Follow this author to improve your content experience.
With Memorial Day weekend now in the rear window, millions of Americans still haven’t yet booked a summer vacation. If you’re among them, don’t panic. There’s still time to snag a super deal.
The key is to have an open mind and a smidge of flexibility, something a lot of people have in spades these days thanks to remote and hybrid work policies.
The smartest travel companies have taken note, offering up tools to help travelers widen the lens and view a bigger breadth of possibilities. Most often, there’s not only a perfectly dreamy Plan B but also a Plan C, D and E.
Adopt A “The World Is My Oyster” Mindset
“People are coming out of the pandemic with a real openness to where they travel,” says Laura Lindsay, a spokesperson for Skyscanner, a travel booking engine and app with 75 million active users. “They're thinking much broader and that's a really great thing, because supply and demand is what impacts prices. Being open actually gives them the ability to uncover some really good deals.”
To wit: The most popular destination on Skyscanner is a search setting called “everywhere.” When searching for flights, the traveler plugs her home airport into the “from” field. In the “to” field, an option appears for searching “everywhere.” This simple trick can surface a panoply of tempting — and very affordable — options far below the average cost of airfare.
For example, if you search for roundtrip tickets from Chicago to “everywhere” in August, options include Miami from $87, Denver from $152, and New York from $183, among many other domestic possibilities. A traveler eyeballing an international trip can also find cheaper-than-average airfares for Portugal (from $372), France (from $451), and Australia ($1,040). To expand options further, compare different travel months and be sure to tick the boxes for “add nearby airports.”
It’s Not About Where To Go, But Where To Stay
Earlier this month, Airbnb unveiled what it touts as the biggest change in a decade to the platform’s search function. Airbnb users are now able to explore more than 50 categories that group listings by a particular interest — for example, “design,” “amazing pools” or “lakefront.” Because these settings are keyed to feature rather than a specific destination, the results can open a window to an experience you might never have considered otherwise.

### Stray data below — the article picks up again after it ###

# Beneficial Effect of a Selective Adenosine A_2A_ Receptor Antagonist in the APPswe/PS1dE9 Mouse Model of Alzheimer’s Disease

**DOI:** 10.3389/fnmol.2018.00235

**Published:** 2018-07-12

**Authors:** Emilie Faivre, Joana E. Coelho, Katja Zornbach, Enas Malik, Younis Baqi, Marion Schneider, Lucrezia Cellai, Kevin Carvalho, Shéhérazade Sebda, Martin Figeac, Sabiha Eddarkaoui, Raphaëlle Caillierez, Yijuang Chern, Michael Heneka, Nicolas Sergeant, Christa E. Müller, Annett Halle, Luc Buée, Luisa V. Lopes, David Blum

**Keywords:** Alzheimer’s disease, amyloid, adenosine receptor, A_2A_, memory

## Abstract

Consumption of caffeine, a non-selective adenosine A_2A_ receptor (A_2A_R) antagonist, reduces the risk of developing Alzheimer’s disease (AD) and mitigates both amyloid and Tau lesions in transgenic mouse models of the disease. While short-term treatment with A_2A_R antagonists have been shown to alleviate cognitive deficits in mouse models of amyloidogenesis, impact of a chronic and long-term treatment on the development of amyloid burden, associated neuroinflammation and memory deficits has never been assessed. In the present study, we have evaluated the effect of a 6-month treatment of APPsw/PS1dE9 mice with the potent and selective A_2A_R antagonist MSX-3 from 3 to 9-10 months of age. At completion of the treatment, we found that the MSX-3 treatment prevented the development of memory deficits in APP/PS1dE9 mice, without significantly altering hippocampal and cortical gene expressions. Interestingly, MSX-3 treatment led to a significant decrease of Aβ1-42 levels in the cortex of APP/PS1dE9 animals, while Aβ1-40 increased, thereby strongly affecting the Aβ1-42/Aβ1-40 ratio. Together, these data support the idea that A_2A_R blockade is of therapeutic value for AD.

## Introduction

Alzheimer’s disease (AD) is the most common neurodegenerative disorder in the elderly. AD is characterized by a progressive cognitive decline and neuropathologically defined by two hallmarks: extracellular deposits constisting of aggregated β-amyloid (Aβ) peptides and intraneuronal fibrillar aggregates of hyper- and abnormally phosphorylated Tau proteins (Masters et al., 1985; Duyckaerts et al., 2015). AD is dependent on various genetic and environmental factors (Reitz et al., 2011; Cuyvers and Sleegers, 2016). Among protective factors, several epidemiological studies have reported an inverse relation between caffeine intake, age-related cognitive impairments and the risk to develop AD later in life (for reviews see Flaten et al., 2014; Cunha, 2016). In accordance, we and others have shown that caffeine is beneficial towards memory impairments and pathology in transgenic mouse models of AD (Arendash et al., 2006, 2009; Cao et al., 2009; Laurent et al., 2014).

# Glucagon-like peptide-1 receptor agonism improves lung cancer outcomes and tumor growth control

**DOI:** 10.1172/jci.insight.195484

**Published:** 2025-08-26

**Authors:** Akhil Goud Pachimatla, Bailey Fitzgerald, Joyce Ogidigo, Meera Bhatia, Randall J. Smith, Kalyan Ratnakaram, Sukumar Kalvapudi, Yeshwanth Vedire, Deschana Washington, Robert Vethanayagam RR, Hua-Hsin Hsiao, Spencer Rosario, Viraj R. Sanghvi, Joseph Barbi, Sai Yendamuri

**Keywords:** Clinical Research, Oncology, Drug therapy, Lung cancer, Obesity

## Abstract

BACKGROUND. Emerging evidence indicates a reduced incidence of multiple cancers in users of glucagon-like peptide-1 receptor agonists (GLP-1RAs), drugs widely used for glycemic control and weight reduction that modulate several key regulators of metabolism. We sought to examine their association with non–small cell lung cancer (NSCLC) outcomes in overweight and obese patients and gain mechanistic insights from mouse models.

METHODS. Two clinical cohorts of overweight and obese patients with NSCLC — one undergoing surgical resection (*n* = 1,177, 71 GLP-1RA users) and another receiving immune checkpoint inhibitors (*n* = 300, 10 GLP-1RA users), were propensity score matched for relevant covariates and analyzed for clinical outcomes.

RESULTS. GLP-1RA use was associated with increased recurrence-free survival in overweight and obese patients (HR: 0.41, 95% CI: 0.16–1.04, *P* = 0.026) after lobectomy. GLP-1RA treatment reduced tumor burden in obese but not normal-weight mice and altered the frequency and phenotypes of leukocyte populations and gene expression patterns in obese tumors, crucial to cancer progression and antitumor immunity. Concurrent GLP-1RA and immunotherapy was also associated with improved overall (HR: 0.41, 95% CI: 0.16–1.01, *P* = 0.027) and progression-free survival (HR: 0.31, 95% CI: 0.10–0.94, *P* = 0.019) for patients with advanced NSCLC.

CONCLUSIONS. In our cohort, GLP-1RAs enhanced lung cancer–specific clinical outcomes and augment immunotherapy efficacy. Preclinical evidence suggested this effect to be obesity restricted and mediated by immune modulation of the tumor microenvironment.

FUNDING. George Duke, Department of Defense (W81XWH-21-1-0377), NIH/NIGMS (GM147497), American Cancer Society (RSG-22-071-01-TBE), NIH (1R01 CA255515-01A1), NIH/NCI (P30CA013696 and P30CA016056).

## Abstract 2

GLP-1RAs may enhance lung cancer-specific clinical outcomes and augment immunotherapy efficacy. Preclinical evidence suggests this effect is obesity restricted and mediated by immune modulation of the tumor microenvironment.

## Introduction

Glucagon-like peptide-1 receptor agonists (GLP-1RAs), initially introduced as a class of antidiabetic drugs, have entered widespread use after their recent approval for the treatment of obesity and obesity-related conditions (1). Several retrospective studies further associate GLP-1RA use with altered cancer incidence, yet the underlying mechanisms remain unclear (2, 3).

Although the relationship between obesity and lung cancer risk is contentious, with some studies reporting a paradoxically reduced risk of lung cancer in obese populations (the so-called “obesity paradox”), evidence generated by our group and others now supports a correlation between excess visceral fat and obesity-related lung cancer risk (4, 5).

Setting the search parameters to “lakefront” and “anywhere” for a week in August turns up a good number of waterside bargains under $200 a night in under-the-radar resort towns like Osage Beach, Missouri, in the heart of Lake of the Ozarks; Gilford, New Hampshire, on the shores of Lake Winnipesaukee; and Sugarcreek, Ohio, known as the “gateway to Amish country.”
But that’s just the beginning. From railroad cabooses to yurts to converted grain silos, the “OMG!” category can also unearth some very cool and unusual finds that won’t break the bank, like a covered wagon on a farm near Las Vegas ($120 a night) or a windmill in Greece ($301 a night).
For the work-from-anywhere crowd, Airbnb now offers “split stays,” widening search results to make it easier to divide a longer trip between two homes in the same vicinity. Previously, a listing would remain hidden if it was unavailable for any part of a searched time frame, so this single tweak unearths a great many more options for those who are keen to get to know a destination from different vantages.
When Airlines Add Routes, Be Ready To Pounce
No travel company obsesses about timing like Hopper, an app conceived to determine the optimal moment to book flights, which, it turns out, is very much a moving target.
“An individual fare can change multiple times in a day, let alone over the course of a few weeks in advance of a flight,” says Hayley Berg, Hopper’s chief economist, noting that the right time to buy can change due to something as granular as the departure airport, arrival airport, departure dates or booking dates.
Berg says several factors can make airfares rise — fuel costs, pilot shortages, travel demand — but there’s also a tried-and-true rule for predicting when and where airfares will fall.
“Specifically, when a low-cost carrier starts a new route from a given airport, prices will drop by an average of 20% on all carriers that fly that route. So if a lower-cost carrier enters a route, it's a great opportunity for travelers,” says Berg. Even better, the low-cost carrier will almost always offer promotions for the first couple of weeks or months that they're running that service.
One easy way to keep an eye on how route maps are changing is to monitor your home airport through the Hopper app. “Rather than doing a ton of research, you could use our tool to track a couple of different destinations and when there’s a price drop, you’re ready to book,” suggests Berg.
I watch trends in travel. Prior to working at Forbes, I was a longtime freelancer who contributed hundreds of articles to Conde Nast Traveler, CNN Travel, Travel + Leisure, Afar, Reader's Digest, TripSavvy, Parade, NBCNews.com and scores of other outlets. Follow me on Instagram (@suzannekelleher) and Flipboard (@SRKelleher).